As a result of the COVID-19 pandemic, many people are finding themselves working from home–with very little notice to prepare. Some without a dedicated home office are using coffee tables, recliners, kitchen tables and counters, and any number of other surfaces and locations as makeshift workspaces. All can potentially lead to aches and pain. Many of the workers forced to go remote were working on laptops, which was contributing to their musculoskeletal issues. Here are their suggestions for making a home workstation work with your laptop:
- Pick a spot. If you do not have a regular desk at home, working at a kitchen table is generally much better than sitting on a couch with your laptop on your lap.
- Adjust your seat. For those without an ergonomic chair, use a seat wedge to help maintain better posture. Sitting on the wedge makes you tilt your thighs forward and down, which causes you to arch your back and sit up straighter. You can purchase seat wedges online, or you can make your own by folding a bed pillow in half to form a wedge.
- Adjust your monitor. The kitchen table is often too low for the laptop screen. Try placing large coffee table books or reams of paper underneath to raise the laptop in a stable way so that you do not have to raise your hands up uncomfortably, or bend your head down uncomfortably. Consider purchasing a wireless keyboard, which enables you to raise the laptop screen higher—to eye level—and place the keyboard on the table top, which will encourage better posture.
- Create a DIY sit/stand station. The popularity of standing desks has increased significantly over the past several years. You can create your own standing desk at home by simply working at a raised counter (such as in a kitchen) but be sure that the height of the counter does not cause you to bend your elbows too much. You should be able to comfortably reach your keyboard with elbows bent at about a 90-degree angle. While you’re at it, consider using a wireless keyboard and boosting the height of your laptop screen to eye level with books, reams of paper, or a stand, which in turn will prevent neck strain.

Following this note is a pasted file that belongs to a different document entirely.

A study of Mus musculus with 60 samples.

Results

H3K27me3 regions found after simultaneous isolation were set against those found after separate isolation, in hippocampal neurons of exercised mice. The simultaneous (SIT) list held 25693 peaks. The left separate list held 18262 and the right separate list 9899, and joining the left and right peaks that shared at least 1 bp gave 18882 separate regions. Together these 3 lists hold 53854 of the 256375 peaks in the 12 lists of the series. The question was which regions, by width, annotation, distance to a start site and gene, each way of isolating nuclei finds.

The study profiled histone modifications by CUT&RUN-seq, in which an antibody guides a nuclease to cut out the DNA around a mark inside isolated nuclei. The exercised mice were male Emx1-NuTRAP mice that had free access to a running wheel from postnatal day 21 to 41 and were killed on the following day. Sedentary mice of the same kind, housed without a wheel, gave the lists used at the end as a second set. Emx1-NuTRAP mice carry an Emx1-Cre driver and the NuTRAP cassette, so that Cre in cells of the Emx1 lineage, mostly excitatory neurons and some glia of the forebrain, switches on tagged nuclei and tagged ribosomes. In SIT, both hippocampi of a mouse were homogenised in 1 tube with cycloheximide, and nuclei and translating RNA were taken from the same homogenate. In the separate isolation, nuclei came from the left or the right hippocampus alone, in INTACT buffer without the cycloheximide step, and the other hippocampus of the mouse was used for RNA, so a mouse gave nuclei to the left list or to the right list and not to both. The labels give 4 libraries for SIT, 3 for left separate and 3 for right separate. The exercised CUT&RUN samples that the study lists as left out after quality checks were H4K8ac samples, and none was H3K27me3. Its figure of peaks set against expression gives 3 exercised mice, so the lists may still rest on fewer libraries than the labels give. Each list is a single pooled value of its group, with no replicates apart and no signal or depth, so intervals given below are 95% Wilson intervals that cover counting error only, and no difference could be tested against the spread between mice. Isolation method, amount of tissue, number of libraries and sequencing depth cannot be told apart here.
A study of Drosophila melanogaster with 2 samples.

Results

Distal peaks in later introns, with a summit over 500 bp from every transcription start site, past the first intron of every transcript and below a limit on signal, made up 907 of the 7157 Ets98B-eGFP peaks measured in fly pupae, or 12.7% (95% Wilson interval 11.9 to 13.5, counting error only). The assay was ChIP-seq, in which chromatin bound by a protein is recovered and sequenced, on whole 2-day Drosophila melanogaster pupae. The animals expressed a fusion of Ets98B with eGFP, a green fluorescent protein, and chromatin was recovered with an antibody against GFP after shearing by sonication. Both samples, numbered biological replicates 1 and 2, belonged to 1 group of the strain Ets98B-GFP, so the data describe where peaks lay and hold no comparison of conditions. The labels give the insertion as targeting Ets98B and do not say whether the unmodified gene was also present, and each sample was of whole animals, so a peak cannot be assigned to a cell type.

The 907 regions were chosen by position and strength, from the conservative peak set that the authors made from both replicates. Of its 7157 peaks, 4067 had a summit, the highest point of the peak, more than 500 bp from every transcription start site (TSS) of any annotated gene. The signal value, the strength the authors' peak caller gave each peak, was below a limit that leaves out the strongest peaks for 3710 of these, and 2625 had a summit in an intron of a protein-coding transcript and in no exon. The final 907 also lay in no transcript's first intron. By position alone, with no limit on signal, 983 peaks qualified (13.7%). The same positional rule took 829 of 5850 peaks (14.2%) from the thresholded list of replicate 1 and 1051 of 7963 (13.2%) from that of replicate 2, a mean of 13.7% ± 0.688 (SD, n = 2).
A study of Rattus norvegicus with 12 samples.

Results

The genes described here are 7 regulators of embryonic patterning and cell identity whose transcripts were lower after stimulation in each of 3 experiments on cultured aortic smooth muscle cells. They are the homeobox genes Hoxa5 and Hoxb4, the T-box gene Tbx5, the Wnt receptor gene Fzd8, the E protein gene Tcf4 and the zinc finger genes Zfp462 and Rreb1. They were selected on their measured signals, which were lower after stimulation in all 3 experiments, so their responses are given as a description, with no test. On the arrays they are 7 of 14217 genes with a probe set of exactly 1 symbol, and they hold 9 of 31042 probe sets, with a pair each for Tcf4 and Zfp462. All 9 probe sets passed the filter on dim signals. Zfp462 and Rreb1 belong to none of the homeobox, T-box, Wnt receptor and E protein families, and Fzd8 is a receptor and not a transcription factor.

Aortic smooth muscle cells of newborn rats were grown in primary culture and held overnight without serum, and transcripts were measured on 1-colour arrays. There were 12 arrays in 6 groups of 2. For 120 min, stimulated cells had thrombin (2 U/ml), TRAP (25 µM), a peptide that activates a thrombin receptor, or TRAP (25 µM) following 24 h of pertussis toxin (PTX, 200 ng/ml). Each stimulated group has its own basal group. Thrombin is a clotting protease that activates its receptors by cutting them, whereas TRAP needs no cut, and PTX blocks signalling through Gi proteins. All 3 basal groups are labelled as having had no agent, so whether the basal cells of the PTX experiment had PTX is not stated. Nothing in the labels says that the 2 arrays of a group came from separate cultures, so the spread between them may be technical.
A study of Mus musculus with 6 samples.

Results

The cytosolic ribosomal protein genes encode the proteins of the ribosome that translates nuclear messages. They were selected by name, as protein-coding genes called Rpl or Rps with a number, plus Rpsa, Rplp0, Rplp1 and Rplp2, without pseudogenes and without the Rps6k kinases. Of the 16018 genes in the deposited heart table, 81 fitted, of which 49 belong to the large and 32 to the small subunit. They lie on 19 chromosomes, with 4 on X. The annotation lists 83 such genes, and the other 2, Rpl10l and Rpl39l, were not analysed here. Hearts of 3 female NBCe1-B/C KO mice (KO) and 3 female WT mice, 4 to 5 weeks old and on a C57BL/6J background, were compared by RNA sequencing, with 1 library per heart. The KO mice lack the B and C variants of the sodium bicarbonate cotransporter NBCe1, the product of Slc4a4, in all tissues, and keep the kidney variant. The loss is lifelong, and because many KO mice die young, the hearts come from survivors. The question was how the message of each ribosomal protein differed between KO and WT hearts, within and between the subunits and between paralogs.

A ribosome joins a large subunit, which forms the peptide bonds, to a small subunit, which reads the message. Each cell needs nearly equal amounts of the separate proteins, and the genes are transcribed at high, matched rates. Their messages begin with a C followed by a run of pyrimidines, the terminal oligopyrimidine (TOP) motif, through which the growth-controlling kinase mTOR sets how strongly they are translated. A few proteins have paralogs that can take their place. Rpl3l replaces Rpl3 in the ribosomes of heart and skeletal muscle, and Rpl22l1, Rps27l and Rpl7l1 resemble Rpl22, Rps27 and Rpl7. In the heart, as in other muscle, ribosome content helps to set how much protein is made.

Don’t Forget to Stretch and Move!
Drs. Donkin and Bautch note that every seated workstation, even a makeshift one, can also be a sit/stand station. All you need to do is stand up every 20 minutes or so and take a break that includes some stretching and movement. They offer this example:
- Stand up and move your legs up and down as if you are walking in place.
- Look at an object that is more than 20 feet away for about 20 seconds.
- Gently shake your hands wrists and elbows for a few seconds while you are also gently rolling your shoulders up, back, and down.
- Take a slow, deep breath in to improve your posture and smile, then slowly exhale.
- Sit down, refreshed, in a good posture. You are ready to get back to work!
Source: American Chiropractic Association
The information in this post is for educational purposes. It is not a replacement for treatment or consultation with a healthcare professional. If you have specific questions, contact your doctor of chiropractic.